Getty Images.

If you ranked the best non-Super Bowl wins of the Patriots Dynasty era, that list, like Slider's johnson, would be long and distinguished. The 2018 AFC championship win at Kansas City certainly stands out. The two times in the early 2000s when they won on the road at Pittsburgh. The win at San Diego in 2006 when Troy Brown stripped Marlon McCree after he'd intercepted Tom Brady to keep the game-winning drive alive. Of course the Snow Bowl, known to the rest of the world as the Tuck Rule Game, in that same way Antebellum Southerners would call the Civil War the War of Northern Aggression. 

But not to be lost in the hallowed company of these great victories should be the 2017 AFC championship game against Jacksonville at Gillette. 

That Jaguars team was stacked. Especially on defense, as they surrendered the second fewest points and yards, were second in interceptions and total takeaways, and had the lowest passer rating against, with a 1950s-like 68.5. While offensively, they were fifth in points scored, led by Leonard Fournette's 1,000 yards rushing and 302 receiving yards, one of six Jaguars to top 300 in their balanced attack. 

What everyone in New England will remember is the Pats being down 20-10 in the 4th quarter, until two touchdown catches from Danny Playoffs Amendola saved the day. And the season:

Jim Rogash. Getty Images.

That, and the fact that in the practices preparing for that game, Tom Brady nearly had the thumb on his throwing hand severed by Rex Burkhead's helmet on a simple handoff. And it wasn't until after the game we got a look at the severity of the injury:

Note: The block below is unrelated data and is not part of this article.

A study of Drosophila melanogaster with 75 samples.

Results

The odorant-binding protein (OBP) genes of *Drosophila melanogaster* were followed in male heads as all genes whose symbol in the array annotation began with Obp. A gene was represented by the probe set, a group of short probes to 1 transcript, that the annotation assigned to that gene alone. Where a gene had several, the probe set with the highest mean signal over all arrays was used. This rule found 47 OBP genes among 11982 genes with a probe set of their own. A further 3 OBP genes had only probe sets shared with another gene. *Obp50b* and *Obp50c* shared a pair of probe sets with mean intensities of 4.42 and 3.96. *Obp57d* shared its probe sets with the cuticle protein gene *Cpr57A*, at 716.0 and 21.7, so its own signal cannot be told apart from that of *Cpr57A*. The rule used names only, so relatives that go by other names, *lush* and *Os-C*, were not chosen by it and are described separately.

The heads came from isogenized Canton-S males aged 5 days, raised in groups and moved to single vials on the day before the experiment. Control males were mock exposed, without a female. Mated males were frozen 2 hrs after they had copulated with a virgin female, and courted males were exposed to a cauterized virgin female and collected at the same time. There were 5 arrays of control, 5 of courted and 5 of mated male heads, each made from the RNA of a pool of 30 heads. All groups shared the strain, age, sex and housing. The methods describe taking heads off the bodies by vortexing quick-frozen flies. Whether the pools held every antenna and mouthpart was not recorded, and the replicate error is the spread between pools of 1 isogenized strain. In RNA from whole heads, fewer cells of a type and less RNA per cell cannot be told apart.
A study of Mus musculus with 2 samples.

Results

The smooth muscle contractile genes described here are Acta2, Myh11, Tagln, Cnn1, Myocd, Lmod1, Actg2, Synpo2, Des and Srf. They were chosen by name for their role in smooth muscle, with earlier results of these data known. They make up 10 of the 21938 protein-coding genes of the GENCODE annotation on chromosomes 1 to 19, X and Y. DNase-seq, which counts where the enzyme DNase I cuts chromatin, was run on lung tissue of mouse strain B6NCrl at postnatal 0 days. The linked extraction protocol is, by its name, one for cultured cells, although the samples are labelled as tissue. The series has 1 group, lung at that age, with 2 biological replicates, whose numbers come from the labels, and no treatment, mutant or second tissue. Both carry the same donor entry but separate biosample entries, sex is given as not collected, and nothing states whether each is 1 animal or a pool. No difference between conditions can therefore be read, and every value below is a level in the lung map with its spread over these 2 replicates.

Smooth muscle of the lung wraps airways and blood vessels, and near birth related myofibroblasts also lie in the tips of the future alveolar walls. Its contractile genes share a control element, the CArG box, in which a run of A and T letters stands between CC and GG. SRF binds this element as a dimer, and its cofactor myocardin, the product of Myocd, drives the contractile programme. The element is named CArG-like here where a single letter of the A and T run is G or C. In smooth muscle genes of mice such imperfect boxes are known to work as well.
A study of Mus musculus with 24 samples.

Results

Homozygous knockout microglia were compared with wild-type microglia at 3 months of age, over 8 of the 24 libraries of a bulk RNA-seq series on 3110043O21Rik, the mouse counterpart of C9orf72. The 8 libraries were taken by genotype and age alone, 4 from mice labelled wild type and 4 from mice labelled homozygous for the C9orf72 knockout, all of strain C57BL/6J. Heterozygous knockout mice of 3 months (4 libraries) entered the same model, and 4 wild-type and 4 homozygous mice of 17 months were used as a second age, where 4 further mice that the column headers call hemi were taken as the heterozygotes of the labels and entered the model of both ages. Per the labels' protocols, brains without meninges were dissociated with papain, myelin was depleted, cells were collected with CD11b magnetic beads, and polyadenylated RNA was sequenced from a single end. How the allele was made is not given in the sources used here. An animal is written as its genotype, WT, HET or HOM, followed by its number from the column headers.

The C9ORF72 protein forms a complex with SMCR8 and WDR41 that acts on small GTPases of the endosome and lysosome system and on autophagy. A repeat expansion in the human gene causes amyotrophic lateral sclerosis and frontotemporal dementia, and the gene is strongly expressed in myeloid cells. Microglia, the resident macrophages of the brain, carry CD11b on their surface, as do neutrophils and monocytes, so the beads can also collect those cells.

Here's a graphic look. NSFL.

Anyway, Fournette talke to NFL Network about this game. And he remembers it more than a little differently:

With all due respect to Fournette, who is a hell of an all purpose back and can take a spot on my roster any time: REALLY? This is an issue? Those Jaguars have been carrying this around all these years? This is why they went from 10 wins that season to five the next? And just 15 combined over the next four seasons? Because in the 4th quarter, Myles Jack stripped a ball from Dion Lewis after a 20 yard catch and run and was ruled down by contact? That's what's haunting him and sent his old franchise into a death spiral? 

Color me stunned. I didn't even remember the play until he mentioned it. I had to look it up. In fairness to me, the Patriots have harvested a lot of souls in this era, so it's hard to keep track of them. But to be even fairer to me, why would anyone think that was the key to the whole game? 

Jack was ruled down at the Jacksonville 33, with 13:37 to go and a 10 point lead. A few 1st downs. A eat up some clock. Put some points on the board. And the Patriots path to victory would be a steep climb at least and damned near impossible at most. Instead, they went 3 & out and didn't even burn a minute and a half before giving it back to Brady and Amendola. On their subsequent final three touches, facing that elite defense, the Pats went touchdown-punt-touchdown. And victory. Followed by Lamar Hunt Trophy presentation, trip to Minneapolis for Super Bowl LII. Where, if it's not impertinent to mention, some actual bad calls were made that actually cost them a win they should've had:

But hey, water under the bridge.

I could empathize with Fournette if he had a legitimate beef with that call that's still taking up all the real estate in his head. But I suppose using that one call as an excuse is easier than facing the fact your defense blew a double digit lead to an undrafted receiver and a 40 year old who was a couple of inches from having to play quarterback with a hook for a hand. Whatever gets you through life, I guess. 

And by all means, no hard feelings. I'm happy Fournette brought this up. There's a lot of good memories here that shouldn't be lost among the decades of awesomeness. So thanks for this.